When Alisi Jack Kaufusi enrolled to study with TAFE Queensland, the last thing she expected was for her cancer to relapse.

While academic graduations are a celebration of the culmination of all the time, energy, and work that students’ put into gaining their qualifications, Alisi's took on a whole new meaning.

At 29 years of age, Alisi never thought she would have ovarian cancer, let alone be battling the disease for the third time in four years.

“I was first diagnosed with stage three ovarian cancer in late 2017, at 24 years old. I had to undergo a nine-hour-long life-saving surgery with a gruelling recovery and six months of chemotherapy,” explains Alisi.

“After the surgery, I had to learn how to walk, eat and talk again, things we take for granted. It was tough, and my two-week hospital stay turned into five.”

Despite her enormous health challenges, the former receptionist didn’t let her cancer diagnosis stop her from living, enrolling to study for the Diploma of Business (BSB50210) in 2020 while she was in remission.

But sadly, more bad news came when cancer reoccurred in April 2020, meaning more surgeries and another six months of chemo. She was cleared of the life-threatening disease for the second time in October and graduated with her diploma in business that same year.

In 2021, she enrolled to study for the Diploma of Human Resource Management (BSB50320) after being introduced to the topic during her business diploma. Her third diagnosis came – meaning more chemotherapy and other treatments.

“Honestly, it felt like I was taking two steps ahead and taking five steps back each time we found out the cancer was back,” she said. “It’s been very challenging, not just for myself but my family and friends.”

Despite the struggle of balancing her studies with her treatments, Alisi remained committed to her diploma and was determined to get qualified so she could start an ordinary life post-cancer.

“I would never want anyone to ever go through what I had to. The impact of what cancer does is devastating physically and mentally,” continues Alisi.

“Cancer was never going to beat me. It was hard, but I was determined, and I continued living as normal a life as possible while studying for a long and sustainable career post-cancer.”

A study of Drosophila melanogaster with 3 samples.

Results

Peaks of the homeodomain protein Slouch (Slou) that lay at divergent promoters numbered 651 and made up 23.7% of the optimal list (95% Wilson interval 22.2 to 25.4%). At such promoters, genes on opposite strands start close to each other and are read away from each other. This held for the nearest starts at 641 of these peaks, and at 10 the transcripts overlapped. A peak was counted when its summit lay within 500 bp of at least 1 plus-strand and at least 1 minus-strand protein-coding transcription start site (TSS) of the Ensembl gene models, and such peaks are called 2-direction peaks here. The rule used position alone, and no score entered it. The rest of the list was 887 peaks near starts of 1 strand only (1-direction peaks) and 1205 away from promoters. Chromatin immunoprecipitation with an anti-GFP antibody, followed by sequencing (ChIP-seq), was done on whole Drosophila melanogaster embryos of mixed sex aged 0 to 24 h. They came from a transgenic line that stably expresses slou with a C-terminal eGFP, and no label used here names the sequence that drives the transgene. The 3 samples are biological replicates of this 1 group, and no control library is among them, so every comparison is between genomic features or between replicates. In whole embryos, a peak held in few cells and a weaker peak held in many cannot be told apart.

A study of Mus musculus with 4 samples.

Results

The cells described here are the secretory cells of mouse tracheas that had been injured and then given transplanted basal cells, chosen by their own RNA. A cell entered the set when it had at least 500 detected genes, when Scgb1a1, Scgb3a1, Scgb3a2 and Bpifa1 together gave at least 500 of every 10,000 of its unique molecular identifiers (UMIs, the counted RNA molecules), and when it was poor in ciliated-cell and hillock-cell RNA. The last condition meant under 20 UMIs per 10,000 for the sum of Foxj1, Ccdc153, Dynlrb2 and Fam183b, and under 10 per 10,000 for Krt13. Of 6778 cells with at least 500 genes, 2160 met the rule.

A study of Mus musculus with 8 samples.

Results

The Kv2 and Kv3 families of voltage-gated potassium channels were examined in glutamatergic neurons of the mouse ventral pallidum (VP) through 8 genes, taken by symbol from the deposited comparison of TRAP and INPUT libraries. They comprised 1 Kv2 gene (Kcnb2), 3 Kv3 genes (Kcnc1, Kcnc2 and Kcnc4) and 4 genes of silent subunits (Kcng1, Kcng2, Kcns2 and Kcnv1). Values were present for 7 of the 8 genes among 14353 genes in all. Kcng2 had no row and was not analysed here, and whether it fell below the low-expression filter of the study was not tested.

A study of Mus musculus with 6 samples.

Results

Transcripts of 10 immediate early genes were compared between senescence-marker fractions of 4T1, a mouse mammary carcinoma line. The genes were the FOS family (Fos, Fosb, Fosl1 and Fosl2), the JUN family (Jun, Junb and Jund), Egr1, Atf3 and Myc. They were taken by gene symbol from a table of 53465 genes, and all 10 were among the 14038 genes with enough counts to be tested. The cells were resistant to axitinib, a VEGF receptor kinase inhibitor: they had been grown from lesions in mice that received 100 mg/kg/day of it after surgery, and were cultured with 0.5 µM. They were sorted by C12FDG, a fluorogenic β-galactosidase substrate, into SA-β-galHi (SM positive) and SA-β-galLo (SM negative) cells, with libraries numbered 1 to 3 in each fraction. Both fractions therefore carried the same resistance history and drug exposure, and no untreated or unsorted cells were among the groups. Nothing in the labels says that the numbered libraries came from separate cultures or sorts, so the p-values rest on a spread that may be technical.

Despite the difficulties of undertaking and recovering from chemotherapy treatments, Alisi said her teachers and classmates helped ensure that she could participate in classes, get her assignments in on time and pass her exams.

“I enjoyed the learning environment, going to class and working with my classmates and teachers and I wouldn’t have gotten through my studies without their support. They went the extra mile and always checked in to see if I was okay and give me more time to complete assignments.”

“When I felt unwell from my treatments and couldn’t attend classes, my classmates would write notes for me and organise study sessions to go over what I missed and give me that extra help. I owe my teachers and classmates a massive debt of gratitude for how they ensured I didn’t fall behind.”

Helping her manage the mental toll was her family, friends, teachers, and classmates, who helped her officially graduate with a diploma in human resources management in 2022.

“Pandemic aside, the last two years were tough as I studied during my chemotherapy treatments. I refused to defer my studies during my diplomas because my goal was to finish studying by the end of 2021 - and I DID IT!”

Alisi has now finished her studies, finished her treatments and has recently started working in a human resources role after three years of hard work – in and out of the classroom.

“It was all worth it, and TAFE helped me by providing the facilities, tools and skills that I needed to get job-ready. I’m going to keep working hard, and I hope to be working in a senior human resources position one day.”

She recently attended her graduation, surrounded by her family and friends, and received her diploma while representing both sides of her family’s culture.

“It was such an honour to walk across the stage wearing two very special garments that celebrate my culture and family,” she says.

“I wore a handmade Korowai (Māori cloak) designed by my mother to represent her Māori bloodline, and I also wore my great-great grandmother’s Taovala (Tongan handwoven mat) to represent my father’s Tongan bloodline.”

“I’m so grateful that I had my whanau (family) there to share this milestone. Wearing my mother’s Korowai and my great-great grandmother’s Taovala just made it that extra special,” concludes Alisi.